The advice from your new agency is to devote a percentage of your tight marketing budget – a budget that will be diverted from content creation, paid placements, influencers, sexy ads, and leads – to developing a strategy.
However, you’ve done pretty well until now, and never with a marketing strategy in place, because you know your business and your customers. You’re a shoot-from-the-hip, execute-while-hot, qualified-by-experience (or MBA) exec. If you don’t have a problem, you don’t need a strategy, nor do you need to change anything.
But if new entrants are nibbling away at your lunch; if your previously engaged audiences are wandering off in the wrong direction; if your growth figures weren’t quite what your board was expecting; or if you can see some new widget coming down the pipeline and you have no idea how your business is going to handle it, you have a problem.
So, what is and what isn’t a strategy in the marketing context? The truth is, it’s not rocket science, it’s not magic, and it’s not a plan.
“The vast majority of strategic plans are simply budgets with lots of explanatory words attached,” says the genius strategist Roger Martin in the Harvard Business Review.
What strategy is then, is a set of clearly defined choices, outlining who we are talking to, how we are talking to them, where we are talking to them, and what we are talking to them about. These choices are framed within a set of pre-determined objectives.
The less simplistic approach is when we introduce the set of ‘whys’.
The key is that it’s the judgement call, based on hours (and more hours) of research, that says: “We’re doing this, and we’re not doing that, because this gives us the best chance of getting to where we’re clearly aiming.”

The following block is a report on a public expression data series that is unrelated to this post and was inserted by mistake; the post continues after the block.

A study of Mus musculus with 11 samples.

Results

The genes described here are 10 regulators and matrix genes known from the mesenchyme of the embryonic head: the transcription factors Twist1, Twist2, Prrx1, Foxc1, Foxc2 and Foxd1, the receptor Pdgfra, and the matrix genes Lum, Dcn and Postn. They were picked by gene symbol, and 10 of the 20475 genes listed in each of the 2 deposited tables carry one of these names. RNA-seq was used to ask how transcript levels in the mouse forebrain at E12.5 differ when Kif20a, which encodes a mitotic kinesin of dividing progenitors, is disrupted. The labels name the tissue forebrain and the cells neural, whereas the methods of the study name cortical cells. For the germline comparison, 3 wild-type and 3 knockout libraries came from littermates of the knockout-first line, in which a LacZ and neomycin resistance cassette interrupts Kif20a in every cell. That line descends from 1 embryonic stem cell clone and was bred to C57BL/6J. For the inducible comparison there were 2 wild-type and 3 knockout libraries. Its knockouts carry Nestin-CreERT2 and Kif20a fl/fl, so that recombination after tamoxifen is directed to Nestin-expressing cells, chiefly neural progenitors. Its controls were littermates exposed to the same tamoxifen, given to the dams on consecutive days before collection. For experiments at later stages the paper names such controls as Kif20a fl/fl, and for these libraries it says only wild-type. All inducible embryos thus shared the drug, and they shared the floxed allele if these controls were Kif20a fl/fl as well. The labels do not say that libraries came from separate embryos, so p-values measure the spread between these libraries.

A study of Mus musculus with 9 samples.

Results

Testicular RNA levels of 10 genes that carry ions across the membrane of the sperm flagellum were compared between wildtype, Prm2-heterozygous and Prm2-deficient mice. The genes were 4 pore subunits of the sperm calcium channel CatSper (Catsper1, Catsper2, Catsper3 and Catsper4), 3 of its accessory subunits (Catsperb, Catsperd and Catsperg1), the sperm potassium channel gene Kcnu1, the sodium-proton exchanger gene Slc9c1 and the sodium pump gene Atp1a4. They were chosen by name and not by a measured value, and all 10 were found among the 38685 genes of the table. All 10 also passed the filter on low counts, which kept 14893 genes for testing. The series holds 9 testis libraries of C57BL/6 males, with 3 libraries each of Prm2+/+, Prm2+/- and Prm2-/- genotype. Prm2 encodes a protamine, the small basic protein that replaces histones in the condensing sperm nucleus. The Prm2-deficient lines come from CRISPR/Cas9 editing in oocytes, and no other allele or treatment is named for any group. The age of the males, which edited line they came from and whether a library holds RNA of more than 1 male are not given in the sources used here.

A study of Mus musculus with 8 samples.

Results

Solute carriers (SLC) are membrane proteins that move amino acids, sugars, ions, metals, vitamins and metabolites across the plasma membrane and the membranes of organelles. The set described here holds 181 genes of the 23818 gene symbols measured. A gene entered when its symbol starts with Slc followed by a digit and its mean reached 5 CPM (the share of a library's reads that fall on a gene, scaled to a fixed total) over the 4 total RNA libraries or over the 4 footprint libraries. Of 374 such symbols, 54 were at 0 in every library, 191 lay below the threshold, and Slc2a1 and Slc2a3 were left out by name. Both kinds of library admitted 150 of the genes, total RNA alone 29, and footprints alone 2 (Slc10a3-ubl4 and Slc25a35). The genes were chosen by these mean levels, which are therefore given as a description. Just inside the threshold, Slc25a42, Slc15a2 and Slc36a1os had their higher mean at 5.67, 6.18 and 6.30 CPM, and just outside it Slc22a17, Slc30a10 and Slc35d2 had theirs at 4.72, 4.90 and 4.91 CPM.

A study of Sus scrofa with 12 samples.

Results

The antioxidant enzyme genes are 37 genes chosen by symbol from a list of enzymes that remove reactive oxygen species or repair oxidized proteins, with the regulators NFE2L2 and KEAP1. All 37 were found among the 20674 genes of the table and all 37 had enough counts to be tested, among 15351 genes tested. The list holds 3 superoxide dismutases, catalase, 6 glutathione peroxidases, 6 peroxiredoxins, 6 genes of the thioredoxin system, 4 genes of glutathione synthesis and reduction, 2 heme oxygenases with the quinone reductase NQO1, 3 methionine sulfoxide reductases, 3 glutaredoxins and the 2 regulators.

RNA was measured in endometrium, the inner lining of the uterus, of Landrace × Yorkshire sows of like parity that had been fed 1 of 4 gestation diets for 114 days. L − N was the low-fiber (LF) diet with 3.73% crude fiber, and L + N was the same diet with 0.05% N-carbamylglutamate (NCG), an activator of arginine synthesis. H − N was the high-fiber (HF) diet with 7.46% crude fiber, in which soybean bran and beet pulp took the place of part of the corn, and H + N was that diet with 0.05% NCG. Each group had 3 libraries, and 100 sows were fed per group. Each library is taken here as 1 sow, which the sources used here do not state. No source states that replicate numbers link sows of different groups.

Yes, strategy is restrictive; it holds you back with its theoretical, conceptual and possibly inconvenient observations, insights and recommendations. It’s going to restrict where you play and how you engage. Or at least, it will if it’s any good. And that’s where things can sometimes get hairy.
The most heart-wrenching moments for marketers is when a carefully researched strategy, detailing the foundations of insights that led to crafted solutions, is bulldozed by panic-stricken clients reacting to competitors, market changes, or viral content with a knee-jerk and frenzied, “We are all things to all people, at all times!”
At moments like these, the clear and steady path towards objectives is blown in all directions, with the brand itself becoming shattered, disjointed, reactive, and barely sane.
Our choices limit us – for the good. A strategy requires commitment; you have to strap in and remember how our self-imposed limitations are in service of our determined objectives. A good strategy, however, does not limit nimble responses. Quite the contrary. It provides a brand with very clear landing lights – keeping it focused on who it is, who it ‘lives’ for, and what it delivers.
Restrictions allow brands to respond quickly and authentically when challenged, or when opportunities step out from behind the door. Restrictions also clearly advise a brand when to sit something out – reminding it that, in fact, it is not all things to all people, at all times.
In the words of the immortal Iggy Pop: “It is very important what not to do.” While I’m not entirely sure what Pop was getting at, I’m confident that it had something to do with knowing who and why you are, and having a clear, succinct definition of your victory condition.
A strategy is the process of picking that victory condition up by the scruff of its neck, and placing it in the centre of the table. Everything else on the table is in service of that victory. If it doesn’t serve, it leaves. So, of course, it’s restrictive – that’s the point. Strategy determines the sacrifices necessary to ensure victory.
So, why bother, especially considering the price? That depends entirely on your commitment to your marketing victory.